The thyroid gland is small, but it has a big job. It releases two hormones known as T4 (thyroxine) and T3 (triiodothyronine), which are essential to regulating metabolism and other body functions.
There are a number of thyroid-related health conditions, with the most common being hypothyroidism. This occurs when the thyroid gland is underactive, which means that it is not secreting enough of the thyroid hormones. It is possible to have an underactive thyroid and have no symptoms at all, though it is more likely that individuals will feel tired or have a lack of energy. Other symptoms may include dry skin and hair, sensitivity to cold, slow heart rate, muscle weakness, or difficulty concentrating, for example. Since these symptoms can overlap with other health conditions, it is important to see your doctor if you suspect thyroid problems.
Your doctor can request lab tests that will help to verify the diagnosis. Stop any biotin supplements at least two days before lab tests, as biotin can lead to an incorrect diagnosis. Once hypothyroidism is diagnosed, your doctor may prescribe thyroid hormone replacement to keep levels in the normal range, or if you have no symptoms, simply monitor your lab tests over time.
We are often asked if it is helpful to take iodine supplements, since iodine is needed for production of thyroid hormones. In Canada, the salt we purchase at grocery stores is “iodized” salt, so dietary intake provides sufficient iodine. In fact, supplementing iodine or consuming excessive amounts in foods (e.g., kelp) can lead to hyperthyroidism, where the thyroid gland produces too much thyroid hormone.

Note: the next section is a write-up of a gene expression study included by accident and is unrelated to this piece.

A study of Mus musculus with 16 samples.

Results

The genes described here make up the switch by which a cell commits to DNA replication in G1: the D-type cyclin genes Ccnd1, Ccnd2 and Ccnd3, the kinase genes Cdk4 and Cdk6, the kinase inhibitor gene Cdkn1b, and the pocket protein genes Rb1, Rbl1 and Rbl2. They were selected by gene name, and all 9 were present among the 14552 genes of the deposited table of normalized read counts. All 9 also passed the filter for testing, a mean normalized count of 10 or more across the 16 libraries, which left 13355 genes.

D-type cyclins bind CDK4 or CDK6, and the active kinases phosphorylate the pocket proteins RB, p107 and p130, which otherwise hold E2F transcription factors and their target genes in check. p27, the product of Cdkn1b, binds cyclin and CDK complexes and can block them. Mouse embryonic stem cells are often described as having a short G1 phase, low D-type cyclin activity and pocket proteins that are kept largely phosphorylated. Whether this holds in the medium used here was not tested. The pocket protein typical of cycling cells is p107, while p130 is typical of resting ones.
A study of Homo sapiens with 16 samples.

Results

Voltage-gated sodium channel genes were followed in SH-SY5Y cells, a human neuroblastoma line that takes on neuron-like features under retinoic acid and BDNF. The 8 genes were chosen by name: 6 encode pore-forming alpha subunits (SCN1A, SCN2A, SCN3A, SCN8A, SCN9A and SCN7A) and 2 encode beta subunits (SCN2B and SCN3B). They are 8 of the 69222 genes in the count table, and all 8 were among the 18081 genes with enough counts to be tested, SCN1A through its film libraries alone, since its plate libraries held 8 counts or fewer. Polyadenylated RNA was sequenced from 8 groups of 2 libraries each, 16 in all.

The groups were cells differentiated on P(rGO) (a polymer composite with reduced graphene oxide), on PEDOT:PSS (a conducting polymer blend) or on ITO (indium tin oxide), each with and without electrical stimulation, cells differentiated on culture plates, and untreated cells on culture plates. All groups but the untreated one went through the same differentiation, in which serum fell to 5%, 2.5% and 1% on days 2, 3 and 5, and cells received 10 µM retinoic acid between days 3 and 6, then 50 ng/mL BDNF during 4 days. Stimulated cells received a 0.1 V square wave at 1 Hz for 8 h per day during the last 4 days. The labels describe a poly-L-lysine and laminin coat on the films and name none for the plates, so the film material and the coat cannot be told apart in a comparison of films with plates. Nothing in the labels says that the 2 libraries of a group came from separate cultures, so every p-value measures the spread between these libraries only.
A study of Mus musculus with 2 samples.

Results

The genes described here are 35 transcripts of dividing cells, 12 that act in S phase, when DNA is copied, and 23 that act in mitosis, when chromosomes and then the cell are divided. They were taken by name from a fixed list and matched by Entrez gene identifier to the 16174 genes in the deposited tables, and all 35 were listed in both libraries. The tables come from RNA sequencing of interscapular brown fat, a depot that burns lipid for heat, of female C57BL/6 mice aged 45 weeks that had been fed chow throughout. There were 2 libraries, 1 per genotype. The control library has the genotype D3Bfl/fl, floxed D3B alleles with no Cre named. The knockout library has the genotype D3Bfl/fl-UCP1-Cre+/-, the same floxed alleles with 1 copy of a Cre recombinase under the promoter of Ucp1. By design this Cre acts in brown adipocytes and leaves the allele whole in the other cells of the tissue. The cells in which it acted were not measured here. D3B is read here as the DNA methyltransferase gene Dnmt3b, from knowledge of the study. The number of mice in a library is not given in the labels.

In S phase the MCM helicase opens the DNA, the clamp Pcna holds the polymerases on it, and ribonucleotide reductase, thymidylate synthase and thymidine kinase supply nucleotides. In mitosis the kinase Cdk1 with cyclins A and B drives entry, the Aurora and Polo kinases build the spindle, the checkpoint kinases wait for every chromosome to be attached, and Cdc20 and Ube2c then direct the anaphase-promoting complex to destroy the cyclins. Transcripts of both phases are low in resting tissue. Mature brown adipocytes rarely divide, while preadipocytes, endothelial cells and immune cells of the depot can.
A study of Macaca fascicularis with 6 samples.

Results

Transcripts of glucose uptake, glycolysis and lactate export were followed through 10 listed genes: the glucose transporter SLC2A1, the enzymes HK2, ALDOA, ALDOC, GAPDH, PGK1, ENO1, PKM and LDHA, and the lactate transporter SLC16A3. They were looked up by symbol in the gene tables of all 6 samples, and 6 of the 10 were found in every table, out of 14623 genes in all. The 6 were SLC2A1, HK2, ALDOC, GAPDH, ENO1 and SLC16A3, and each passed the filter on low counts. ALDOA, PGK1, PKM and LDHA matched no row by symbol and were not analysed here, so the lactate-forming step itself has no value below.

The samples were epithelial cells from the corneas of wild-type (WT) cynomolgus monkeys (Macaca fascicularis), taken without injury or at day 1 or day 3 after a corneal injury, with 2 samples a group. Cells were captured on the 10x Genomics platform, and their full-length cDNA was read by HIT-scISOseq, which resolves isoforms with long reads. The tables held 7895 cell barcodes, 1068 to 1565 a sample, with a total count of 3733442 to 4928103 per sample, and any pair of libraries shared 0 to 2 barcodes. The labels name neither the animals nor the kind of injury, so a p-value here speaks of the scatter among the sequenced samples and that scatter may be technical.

There are many foods and drugs that interact with thyroid hormone medications. For this reason, it is best to take thyroid hormone on an empty stomach, separate from other medications. We recommend that calcium and iron supplements (or foods that contain significant calcium), as well as coffee or alcohol be taken at least four hours apart from thyroid hormone, if possible. Fibre supplements (e.g., psyllium fibre) can delay absorption and should also be taken separately.
Your doctor will adjust the dose of your thyroid medication based on repeat lab tests, so it is important to take it consistently. If you have been taking it with food (even food that is high in calcium, such as dairy products), continue to take it the same way all the time, as your doctor has already determined the dose based on your regular use. Typically, lab tests are done annually and no dose adjustments are needed. However, for women, the dose may need to be adjusted when there are changes in estrogen levels (estrogen binds to thyroid hormone and reduces its absorption). Estrogen levels rise during pregnancy, so a higher dose is needed, whereas the reverse is true at menopause.
Follow up with your pharmacist and doctor if there is any change to your symptoms, if you experience a significant change in your weight, or if you have been missing doses of your medication, as these will likely necessitate a dose adjustment. As always, we are here to help you manage your medications and achieve your best health.